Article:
As Christmas approaches I still cannot get used to it in the southern hemisphere. Coming from England I am used to a cold, dark, and often wet, festive season, with its attendant medical problems. I was reminded of this whilst listening to the latest podcast from Ken Milne and the Skeptics Guide to Emergency Medicine.
Ken and his guest skeptic, Chris Bond, took a critical look at this paper, and were joined in discussion by the author Amy Plint.
Plint, A.C., Taljaard, M., McGahern, C., Scott, S.D., Grimshaw, J.M., Klassen, T.P. and Johnson, D.W. (2016) ‘Management of Bronchiolitis in Community Hospitals in Ontario: a Multicentre Cohorhttps://www.aap.org/en-us/Documents/quality_bqip_pediatrics.pdft Study’, CJEM, 18(6), pp. 443–452. doi: 10.1017/cem.2016.7.
Key secondary outcomes
- 80% of children received bronchodilators in the ED and 45% received them on discharge
- 31% of children received steroids in the ED and 24% on discharge
- 5% received antibiotics in the ED and 13% on discharge
- 55% of children received a chest x-ray
- 23% had a nasopharyngeal swab
- 7% had blood tests
Bronchiolitis is one of the most common causes of presentation to the emergency department and accounts for around 2% of all paediatric admissions. But I don’t want to concentrate on the management of bronchiolitis here – take a look at Henry’s post here or listen to the smooth Tim Horeczko for the latest – I want to consider why there is such a deviation between what we would consider standard practice and actual practice.
The study was carried out in mixed community emergency departments, staffed by generalists rather than trained paediatric emergency practitioners. Some of the sites only recruited 2 patients and so it is understandable that they might not be up to date with current recommendations. The major factor that lessens the external validity of this study is the that the data was based on presentations between the 2005 and 2007 bronchiolitis seasons. Hopefully there has been an increased uptake of clinical guidelines since then.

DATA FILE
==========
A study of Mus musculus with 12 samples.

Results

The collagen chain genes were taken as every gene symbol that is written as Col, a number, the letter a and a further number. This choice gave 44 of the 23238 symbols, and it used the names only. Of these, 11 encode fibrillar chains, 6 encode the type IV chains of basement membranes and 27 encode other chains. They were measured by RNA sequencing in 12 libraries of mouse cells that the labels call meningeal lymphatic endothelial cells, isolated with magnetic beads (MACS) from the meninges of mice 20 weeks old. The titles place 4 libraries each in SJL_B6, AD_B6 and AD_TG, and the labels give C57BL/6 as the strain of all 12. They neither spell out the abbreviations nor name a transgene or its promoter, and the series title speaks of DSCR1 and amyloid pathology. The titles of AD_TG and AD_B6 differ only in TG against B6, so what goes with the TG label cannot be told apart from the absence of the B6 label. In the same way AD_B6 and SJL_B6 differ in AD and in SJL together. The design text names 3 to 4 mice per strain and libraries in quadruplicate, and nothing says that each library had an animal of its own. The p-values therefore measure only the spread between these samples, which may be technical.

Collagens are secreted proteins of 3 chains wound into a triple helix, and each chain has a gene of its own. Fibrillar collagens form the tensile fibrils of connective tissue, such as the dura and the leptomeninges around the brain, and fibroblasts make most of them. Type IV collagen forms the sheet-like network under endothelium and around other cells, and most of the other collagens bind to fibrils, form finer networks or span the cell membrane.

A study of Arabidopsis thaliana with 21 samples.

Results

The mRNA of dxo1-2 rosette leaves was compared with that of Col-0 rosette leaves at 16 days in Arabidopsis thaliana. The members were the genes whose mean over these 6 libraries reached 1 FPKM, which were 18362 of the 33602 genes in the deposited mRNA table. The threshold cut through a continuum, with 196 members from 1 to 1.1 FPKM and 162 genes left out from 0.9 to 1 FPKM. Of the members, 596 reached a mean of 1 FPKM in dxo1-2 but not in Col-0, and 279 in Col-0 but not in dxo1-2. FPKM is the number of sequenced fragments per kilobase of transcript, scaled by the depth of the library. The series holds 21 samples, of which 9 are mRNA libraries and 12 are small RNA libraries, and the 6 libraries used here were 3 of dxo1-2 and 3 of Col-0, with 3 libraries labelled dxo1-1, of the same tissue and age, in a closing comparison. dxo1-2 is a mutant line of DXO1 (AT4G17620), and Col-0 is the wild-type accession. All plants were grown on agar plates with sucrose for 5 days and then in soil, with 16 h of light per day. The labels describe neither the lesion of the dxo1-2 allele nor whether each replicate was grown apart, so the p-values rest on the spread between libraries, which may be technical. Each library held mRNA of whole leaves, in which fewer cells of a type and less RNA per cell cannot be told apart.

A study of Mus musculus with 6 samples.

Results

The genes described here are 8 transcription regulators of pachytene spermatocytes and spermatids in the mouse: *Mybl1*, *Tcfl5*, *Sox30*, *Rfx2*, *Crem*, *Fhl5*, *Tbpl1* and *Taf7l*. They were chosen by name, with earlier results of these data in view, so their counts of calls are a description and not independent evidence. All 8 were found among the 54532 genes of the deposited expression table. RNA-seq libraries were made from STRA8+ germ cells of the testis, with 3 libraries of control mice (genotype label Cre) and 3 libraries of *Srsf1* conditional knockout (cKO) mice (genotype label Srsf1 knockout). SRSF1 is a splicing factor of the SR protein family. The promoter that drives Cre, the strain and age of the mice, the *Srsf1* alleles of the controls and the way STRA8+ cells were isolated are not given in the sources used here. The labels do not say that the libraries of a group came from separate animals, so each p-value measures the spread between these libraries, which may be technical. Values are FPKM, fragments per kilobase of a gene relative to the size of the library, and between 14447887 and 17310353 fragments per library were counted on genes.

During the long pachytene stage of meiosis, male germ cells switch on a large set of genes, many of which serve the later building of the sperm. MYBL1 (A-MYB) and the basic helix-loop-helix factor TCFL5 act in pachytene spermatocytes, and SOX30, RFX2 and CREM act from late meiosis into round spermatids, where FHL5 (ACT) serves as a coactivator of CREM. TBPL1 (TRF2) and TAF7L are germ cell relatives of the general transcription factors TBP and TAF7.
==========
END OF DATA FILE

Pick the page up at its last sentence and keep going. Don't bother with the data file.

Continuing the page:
Cabana et al. identified a number of factors affecting adherence to clinical practice guidelines. They break down to those related to either physician attitudes, physician knowledge or behaviours.
- Not agreeing with specific guidelines e.g. interpretation of the evidence
- Not agreeing with guidelines in general
- Lack of motivation
- Lack of familiarity perhaps due to amount of knowledge available or lack of access
- Lack of awareness associated with time needed to stay up to date
- Patient factors such as problems reconciling patient preferences with guidelines
- Guideline factors such as the presence of contradictory guidelines
- Environmental factors such as a lack of time or resources
Cabana MD, Rand CS, Powe NR, Wu AW, Wilson MH, Abboud PA, Rubin HR. Why don’t physicians follow clinical practice guidelines?: A framework for improvement. Jama. 1999 Oct 20;282(15):1458-65.
Lenzer J. Why we can’t trust clinical guidelines. BMJ. 2013 Jun 14;346(58):f3830.
Fryar C. Doctors can depart from guidelines in patients’ best interests. BMJ. 2015 Feb 18;350:h841.
Lenzer J, Hoffman JR, Furberg CD, Ioannidis JP, Guideline Panel Review Working Group. Ensuring the integrity of clinical practice guidelines: a tool for protecting patients. BMJ. 2013 Sep 17;347:f5535.
Jenco M. QI project decreases unnecessary care for bronchiolitis.
Korppi M. What are evidence‐based guidelines and what are they not?. Acta Paediatrica. 2016 Jan 1;105(1):11-2.
Ralston SL, Garber MD, Rice-Conboy E, Mussman GM, Shadman KA, Walley SC, Nichols E. A multicenter collaborative to reduce unnecessary care in inpatient bronchiolitis. Pediatrics. 2016 Jan 1;137(1):e20150851.